One easy way for a college football program to get additional national exposure is through primetime broadcasts. For Penn State, being visible on television is one key to navigating through the remaining sanctions years. Naturally, head coach Bill O’Brien would like to play more night games.
“I was impressed by our night game atmosphere,” said O’Brien. I think we need to play more night games at Penn State.”
The Nittany Lions’ home contest against Ohio State last season was a 5:30 p.m. kickoff, but there has not been an 8 p.m. start in Beaver Stadium since 2010. This season, the contest against Central Florida is scheduled to begin at 6 p.m., and the highly anticipated homecoming game against Michigan is set for 5 p.m.
Add in another 8 p.m. kickoff in Columbus in late October, and it’s more games starting after 3:30 p.m. than the Nittany Lions have played in quite some time. Still, O'Brien wants more.
“Once we start playing additional night games, more rivalries will be created, and it will be really exciting,” O’Brien said. “I think we’re going to play more night games."
While there is no policy against it, the Big Ten has been weary of playing night games in November due to possible adverse weather conditions.
According to an ESPN Big Ten article, the most recent November night game between two conference teams goes back to 2008, and it was in the Metrodome between Minnesota and Iowa.
“When I first got here, everybody said to me there’s a rule that we don’t play night games [in November], and I consistently ask people if that’s documented somewhere,” said O’Brien.
Given the usual raucous atmosphere of Beaver Stadium under the lights, O’Brien’s request makes sense.
“These kids come to a night game at Beaver Stadium. Maybe you have three whiteout games. That’s a great atmosphere. I vote for playing night games in November.”
For someone who spent five seasons coaching in New England, the cold weather and possible snow does not deter him here.
"We played an AFC Championship game at Gillette Stadium when it was 15 degrees below zero. I know that’s the NFL, but football is football.”
Back in February, Big Ten commissioner Jim Delany said the conference was open to additional night games later on in the season.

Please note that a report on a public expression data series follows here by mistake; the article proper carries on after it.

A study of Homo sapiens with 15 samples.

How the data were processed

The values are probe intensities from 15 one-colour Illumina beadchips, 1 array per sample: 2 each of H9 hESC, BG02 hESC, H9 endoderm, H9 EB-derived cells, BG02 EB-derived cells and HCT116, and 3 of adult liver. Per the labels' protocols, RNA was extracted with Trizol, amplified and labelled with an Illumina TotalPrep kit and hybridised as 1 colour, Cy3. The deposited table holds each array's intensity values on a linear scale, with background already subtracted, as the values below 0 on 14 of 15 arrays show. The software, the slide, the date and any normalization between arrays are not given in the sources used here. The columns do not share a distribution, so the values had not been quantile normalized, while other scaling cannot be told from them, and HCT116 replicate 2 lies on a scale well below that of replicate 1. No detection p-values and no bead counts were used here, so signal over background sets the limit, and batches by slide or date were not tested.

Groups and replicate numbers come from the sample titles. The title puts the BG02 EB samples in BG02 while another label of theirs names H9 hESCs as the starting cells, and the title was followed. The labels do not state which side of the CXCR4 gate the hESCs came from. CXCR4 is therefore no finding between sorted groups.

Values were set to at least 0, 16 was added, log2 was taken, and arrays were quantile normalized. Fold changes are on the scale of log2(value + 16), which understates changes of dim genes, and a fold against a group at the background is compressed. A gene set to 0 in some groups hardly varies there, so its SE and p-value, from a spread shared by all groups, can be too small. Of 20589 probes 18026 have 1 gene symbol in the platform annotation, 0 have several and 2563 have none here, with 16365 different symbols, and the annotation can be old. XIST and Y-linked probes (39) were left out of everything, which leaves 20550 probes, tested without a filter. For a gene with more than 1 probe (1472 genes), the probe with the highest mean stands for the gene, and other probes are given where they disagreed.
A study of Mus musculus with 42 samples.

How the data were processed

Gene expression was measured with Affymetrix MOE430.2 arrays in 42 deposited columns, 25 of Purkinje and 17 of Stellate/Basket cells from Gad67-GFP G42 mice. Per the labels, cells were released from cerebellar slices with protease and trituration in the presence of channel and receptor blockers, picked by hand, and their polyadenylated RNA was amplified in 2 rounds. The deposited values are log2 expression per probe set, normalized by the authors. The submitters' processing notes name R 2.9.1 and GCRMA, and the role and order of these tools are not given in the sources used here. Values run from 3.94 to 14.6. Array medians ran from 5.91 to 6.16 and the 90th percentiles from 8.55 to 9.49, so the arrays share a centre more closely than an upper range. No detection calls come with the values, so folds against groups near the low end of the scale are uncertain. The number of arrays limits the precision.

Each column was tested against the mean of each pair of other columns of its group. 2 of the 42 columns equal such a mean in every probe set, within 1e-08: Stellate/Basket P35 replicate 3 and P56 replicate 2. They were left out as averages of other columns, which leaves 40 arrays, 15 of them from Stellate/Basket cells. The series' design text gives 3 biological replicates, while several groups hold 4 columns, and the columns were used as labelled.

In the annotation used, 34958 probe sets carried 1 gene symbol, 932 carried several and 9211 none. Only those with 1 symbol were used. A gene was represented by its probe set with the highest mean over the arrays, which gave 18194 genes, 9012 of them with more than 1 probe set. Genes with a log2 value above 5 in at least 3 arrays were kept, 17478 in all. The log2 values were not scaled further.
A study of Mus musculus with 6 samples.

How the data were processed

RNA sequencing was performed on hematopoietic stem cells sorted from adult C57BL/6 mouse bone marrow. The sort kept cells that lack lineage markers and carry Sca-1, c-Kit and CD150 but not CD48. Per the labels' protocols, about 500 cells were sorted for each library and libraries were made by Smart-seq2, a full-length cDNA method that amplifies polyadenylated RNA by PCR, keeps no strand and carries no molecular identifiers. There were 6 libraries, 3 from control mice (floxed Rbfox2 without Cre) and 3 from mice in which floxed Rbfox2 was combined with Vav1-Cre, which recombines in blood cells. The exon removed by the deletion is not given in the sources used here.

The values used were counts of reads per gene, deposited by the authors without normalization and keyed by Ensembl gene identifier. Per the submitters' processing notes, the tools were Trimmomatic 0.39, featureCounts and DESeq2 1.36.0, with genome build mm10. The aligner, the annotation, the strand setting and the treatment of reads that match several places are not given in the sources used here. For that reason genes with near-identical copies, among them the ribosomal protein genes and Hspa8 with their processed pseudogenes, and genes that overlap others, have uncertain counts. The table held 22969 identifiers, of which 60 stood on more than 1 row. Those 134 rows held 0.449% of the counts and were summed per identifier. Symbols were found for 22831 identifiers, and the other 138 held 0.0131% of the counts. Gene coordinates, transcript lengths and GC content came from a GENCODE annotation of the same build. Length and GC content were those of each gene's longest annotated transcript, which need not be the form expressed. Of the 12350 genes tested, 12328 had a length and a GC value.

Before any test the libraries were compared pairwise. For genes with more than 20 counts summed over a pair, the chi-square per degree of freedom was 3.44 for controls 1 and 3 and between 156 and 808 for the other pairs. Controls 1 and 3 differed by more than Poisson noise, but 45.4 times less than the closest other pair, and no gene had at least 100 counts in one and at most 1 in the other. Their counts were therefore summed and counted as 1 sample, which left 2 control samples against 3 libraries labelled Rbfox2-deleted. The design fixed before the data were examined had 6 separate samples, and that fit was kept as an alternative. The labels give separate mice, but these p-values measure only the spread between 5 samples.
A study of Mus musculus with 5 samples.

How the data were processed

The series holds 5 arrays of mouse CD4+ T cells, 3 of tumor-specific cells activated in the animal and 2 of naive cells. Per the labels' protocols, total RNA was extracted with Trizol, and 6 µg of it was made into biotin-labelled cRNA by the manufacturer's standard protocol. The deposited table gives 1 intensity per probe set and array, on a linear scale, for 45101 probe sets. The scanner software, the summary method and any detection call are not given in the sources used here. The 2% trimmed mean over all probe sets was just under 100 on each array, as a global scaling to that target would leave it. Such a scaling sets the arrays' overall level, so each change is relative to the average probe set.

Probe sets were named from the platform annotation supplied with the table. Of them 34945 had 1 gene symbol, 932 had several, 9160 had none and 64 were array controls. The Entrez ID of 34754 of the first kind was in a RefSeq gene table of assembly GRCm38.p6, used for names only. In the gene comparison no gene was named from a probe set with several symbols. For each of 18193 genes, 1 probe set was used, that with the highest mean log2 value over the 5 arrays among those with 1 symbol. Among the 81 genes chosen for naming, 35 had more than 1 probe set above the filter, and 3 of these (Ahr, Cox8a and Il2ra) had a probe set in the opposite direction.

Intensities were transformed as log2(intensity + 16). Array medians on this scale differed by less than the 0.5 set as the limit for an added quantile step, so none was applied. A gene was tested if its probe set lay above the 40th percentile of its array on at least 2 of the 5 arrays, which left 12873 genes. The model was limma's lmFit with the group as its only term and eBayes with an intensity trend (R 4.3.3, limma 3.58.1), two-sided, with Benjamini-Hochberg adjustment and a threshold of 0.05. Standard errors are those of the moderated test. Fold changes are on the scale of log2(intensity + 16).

"There seems to be more of an openness to open that window on the game-day experience, whether it's in November or October. We won't stand in the way. We just have to figure out the best way to do it, but I think there's value there."
"November is a good option. Historically, we've been resistant to that for weather reasons and our kids getting home so late at night or early in the morning. We're more open to it now. One of the things we have to look at is the historical temperatures in November, what they look like, and [then] we can make an informed decision on that point. I'm open to it."
A few months later when the primetime conference slate was revealed, there were still no November night games.
Mark Rudner, Big Ten senior associate commissioner for television administration said the following in response to the schedule:
"It just wasn’t aligned this year. But moving forward, we'll have 'em. Whether it's in 2014 Or 2015, we'll see some." We're not going to shy away from it," Rudner said. "It just didn't happen this year."
Kevin Wilson, in his third year in charge of Indiana’s football program, agreed with O’Brien.
“I think there’s potential for it,” Wilson said. “That’s a quality primetime slot, and we need to keep branding ourselves.”
“At the same time, we don’t want to just put some random game there. We want it to be quality.”
One of the most anticipated contests in the college football season in 2011 and 2012 was a primetime contest between Southeastern Conference juggernauts LSU and Alabama. More Big Ten night games could help bring the conference all the way back as someone tries to end the SEC's run of seven consecutive national championships.
“The atmosphere of night games is really important. When we have a night game, it’s a big deal. The SEC plays night games at Florida, at Albama, at LSU. They’re fun for their fans, they help in recruiting, you get primetime TV games. I love night games,” said O’Brien.